Researchers from North Carolina State University are proposing a health-based approach to identifying groups at high risk of genocide, in a first-of-its-kind attempt to target international efforts to stop these mass killings before they start.

Genocide, or the willful attempt to exterminate a specific population, is a violation of international law. In recent years, international discussion of genocide has focused in part on finding ways to identify populations at risk in order to prevent a problem before it starts.

New approach may help international community prevent the horror of genocide.

Some risk factors have already been identified, such as severe state oppression of a group or a regional history of genocide. Now researchers are offering a new risk factor for consideration: a population’s health and its track record of prenatal care.

“This is a data-driven approach that we developed by analyzing the remains of genocide victims. There can be no confusion or claims of inaccurate reporting from third parties. The bodies of the victims speak for themselves,” says Dr. Ann Ross, professor of anthropology at NC State and co-author of a paper on the research and proposed risk factor. This effort marks the first time researchers have used skeletal analysis to assess the overarching health of genocide victims before their murder.

Ross and her co-author, former NC State graduate student Ashley Maxwell, began by analyzing remains of Bosnian Muslims from the Srebrenica massacre – where 8,000 men and boys were killed in 1995. Ross is a forensic anthropologist and worked extensively in the Balkans during the late 1990s to help identify the remains of genocide victims.

The researchers found that the Srebrenica victims had an unusually high frequency of malnutrition, poor health and inadequate prenatal care. For example, the victims had a high rate of spina bifida, which is directly related to poor nutrition and prenatal care.

“These conditions are good indicators of genocide risk because they illustrate the population’s marginalized status,” Ross says.

The researchers also examined epidemiological data from the World Health Organization on the general health of refugees from Rwanda and the former Yugoslavia. Those data were consistent with the forensic assessment of the Srebrenica victims.

“This gives politicians and international bodies another tool that can be used to identify – and protect – populations facing genocide,” Ross says. “We need to prevent these mass murders, not sit on our hands wondering when to take action.”

The paper, “Epidemiology of Genocide: An Example from the Former Yugoslavia,” will be published in the fall issue of Forensic Science Policy and Management.

NC State’s Department of Sociology and Anthropology is part of the university’s College of Humanities and Social Sciences.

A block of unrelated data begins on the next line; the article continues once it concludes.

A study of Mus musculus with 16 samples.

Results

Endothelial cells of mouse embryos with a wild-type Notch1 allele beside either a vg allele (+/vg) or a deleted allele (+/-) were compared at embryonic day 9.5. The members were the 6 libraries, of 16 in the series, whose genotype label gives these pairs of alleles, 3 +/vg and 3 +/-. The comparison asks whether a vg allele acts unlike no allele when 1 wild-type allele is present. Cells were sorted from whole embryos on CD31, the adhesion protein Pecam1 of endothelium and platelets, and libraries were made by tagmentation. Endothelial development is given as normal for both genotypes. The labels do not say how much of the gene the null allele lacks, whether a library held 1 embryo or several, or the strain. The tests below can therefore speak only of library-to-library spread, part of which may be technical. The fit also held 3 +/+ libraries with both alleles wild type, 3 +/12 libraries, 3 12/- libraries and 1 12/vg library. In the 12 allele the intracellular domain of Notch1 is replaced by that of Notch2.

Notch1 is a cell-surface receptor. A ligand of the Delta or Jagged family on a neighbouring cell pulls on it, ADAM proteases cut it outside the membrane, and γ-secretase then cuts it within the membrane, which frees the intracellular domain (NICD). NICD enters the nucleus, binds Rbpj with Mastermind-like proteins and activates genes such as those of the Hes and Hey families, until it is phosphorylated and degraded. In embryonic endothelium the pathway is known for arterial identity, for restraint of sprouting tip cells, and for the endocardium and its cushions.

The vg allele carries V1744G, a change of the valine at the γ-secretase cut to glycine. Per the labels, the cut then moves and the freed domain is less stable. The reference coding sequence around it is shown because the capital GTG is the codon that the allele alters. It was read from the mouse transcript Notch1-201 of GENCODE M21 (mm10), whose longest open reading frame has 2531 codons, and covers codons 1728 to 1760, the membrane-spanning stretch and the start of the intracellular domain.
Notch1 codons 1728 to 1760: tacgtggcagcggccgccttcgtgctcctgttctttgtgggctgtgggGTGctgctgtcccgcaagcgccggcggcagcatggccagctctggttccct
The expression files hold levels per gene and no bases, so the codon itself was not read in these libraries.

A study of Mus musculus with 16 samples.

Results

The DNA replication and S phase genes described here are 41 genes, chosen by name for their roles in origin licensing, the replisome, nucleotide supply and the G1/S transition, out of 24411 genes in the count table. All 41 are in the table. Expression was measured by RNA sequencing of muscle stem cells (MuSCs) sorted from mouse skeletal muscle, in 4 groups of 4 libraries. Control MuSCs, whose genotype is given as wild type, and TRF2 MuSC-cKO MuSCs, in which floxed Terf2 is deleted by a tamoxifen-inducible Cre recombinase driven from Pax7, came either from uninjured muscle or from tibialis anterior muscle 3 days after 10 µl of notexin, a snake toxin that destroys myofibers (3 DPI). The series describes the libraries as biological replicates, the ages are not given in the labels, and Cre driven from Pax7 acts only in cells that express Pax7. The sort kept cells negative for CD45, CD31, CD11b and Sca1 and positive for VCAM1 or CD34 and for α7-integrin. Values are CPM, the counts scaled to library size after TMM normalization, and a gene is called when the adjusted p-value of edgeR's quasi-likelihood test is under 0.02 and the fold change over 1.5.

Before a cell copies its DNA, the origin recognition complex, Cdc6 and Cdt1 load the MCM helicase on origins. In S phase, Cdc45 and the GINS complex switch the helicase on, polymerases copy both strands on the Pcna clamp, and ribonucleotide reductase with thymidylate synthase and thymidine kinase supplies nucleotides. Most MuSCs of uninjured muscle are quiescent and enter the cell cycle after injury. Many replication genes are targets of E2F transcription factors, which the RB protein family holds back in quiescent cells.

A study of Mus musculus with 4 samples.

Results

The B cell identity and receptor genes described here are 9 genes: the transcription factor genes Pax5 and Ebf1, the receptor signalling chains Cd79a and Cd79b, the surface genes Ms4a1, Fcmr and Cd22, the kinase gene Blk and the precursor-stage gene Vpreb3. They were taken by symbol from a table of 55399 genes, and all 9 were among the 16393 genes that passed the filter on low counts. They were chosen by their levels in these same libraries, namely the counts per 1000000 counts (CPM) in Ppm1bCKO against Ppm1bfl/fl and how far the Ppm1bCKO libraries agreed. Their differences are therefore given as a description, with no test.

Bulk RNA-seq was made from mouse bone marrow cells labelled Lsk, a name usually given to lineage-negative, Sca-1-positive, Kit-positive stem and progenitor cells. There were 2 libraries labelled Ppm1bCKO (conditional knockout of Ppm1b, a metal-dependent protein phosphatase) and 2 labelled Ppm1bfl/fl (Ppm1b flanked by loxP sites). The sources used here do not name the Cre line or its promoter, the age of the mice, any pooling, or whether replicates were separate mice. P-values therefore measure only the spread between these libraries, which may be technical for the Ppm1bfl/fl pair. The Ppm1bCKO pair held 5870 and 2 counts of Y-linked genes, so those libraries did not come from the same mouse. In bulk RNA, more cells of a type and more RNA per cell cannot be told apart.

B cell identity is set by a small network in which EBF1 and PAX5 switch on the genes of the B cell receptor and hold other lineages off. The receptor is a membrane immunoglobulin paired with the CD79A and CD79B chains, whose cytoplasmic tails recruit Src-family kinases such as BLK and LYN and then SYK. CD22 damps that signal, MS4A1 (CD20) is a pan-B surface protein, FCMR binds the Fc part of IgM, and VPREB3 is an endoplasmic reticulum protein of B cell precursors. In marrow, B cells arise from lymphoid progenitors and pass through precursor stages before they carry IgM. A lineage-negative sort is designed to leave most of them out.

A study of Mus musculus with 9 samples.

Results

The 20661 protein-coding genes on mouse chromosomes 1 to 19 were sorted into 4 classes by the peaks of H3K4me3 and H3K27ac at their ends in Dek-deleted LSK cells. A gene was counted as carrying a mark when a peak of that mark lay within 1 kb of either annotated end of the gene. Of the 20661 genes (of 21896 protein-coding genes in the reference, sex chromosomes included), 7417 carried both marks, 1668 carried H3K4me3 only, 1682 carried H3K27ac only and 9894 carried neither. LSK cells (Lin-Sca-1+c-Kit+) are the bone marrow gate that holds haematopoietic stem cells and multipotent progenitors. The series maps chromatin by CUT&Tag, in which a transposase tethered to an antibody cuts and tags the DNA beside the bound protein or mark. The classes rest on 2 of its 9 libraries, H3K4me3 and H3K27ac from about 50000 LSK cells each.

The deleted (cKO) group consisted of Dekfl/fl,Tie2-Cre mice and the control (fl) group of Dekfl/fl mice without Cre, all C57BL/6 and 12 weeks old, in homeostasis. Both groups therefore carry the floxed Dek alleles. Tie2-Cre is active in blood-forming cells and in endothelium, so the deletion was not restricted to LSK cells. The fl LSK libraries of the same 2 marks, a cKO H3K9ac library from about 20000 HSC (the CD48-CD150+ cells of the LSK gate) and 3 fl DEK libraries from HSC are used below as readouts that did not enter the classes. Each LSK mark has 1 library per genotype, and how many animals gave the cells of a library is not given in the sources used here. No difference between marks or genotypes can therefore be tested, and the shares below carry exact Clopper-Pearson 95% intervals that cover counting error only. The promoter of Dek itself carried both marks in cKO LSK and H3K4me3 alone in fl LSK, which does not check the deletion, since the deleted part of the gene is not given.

“Epidemiology of Genocide: An Example from the Former Yugoslavia”

Authors: Ashley Maxwell, Ann H. Ross, North Carolina State University

Published: Fall issue, Forensic Science Policy and Management

Abstract: There are multiple factors for the advent of war, and in the former Yugoslavia and Rwanda nationalistic goals and political control were used to justify the genocide of thousands of individuals, mainly males of battle age, between sixteen to sixty years of age. War and genocide have detrimental effects on population health due to population displacement, food shortages, and the decline of health services. The skeletal remains of victims from Srebrenica, Bosnia, were analyzed for pathological conditions to assess general health and were compared with other countries that have experienced genocide to evaluate health issues in various parts of the world. Approximately 35% of the skeletal sample shows evidence of congenital and pathological conditions that may be population specific, which indicates that declining health was prevalent before the war, especially prenatal requirements for expectant mothers. In addition, data on general health from Rwandan and former Yugoslavian refugees showed a prevalence of acquired pathologies, mainly AIDS, while Bosnian and Herzegovinian refugees showed an increase in tuberculosis and heart diseases after the war. The skeletal and clinical research details the health problems that existed before and after the wars/genocide, and shed light on the current health problems that still need to be addressed. Marginalized and vulnerable groups, such as victims of genocide, need immediate action to prevent morbidity and mortality in the future. This study may be the first to outline the health status of victims of genocide and identify group marginalization as a path to genocide.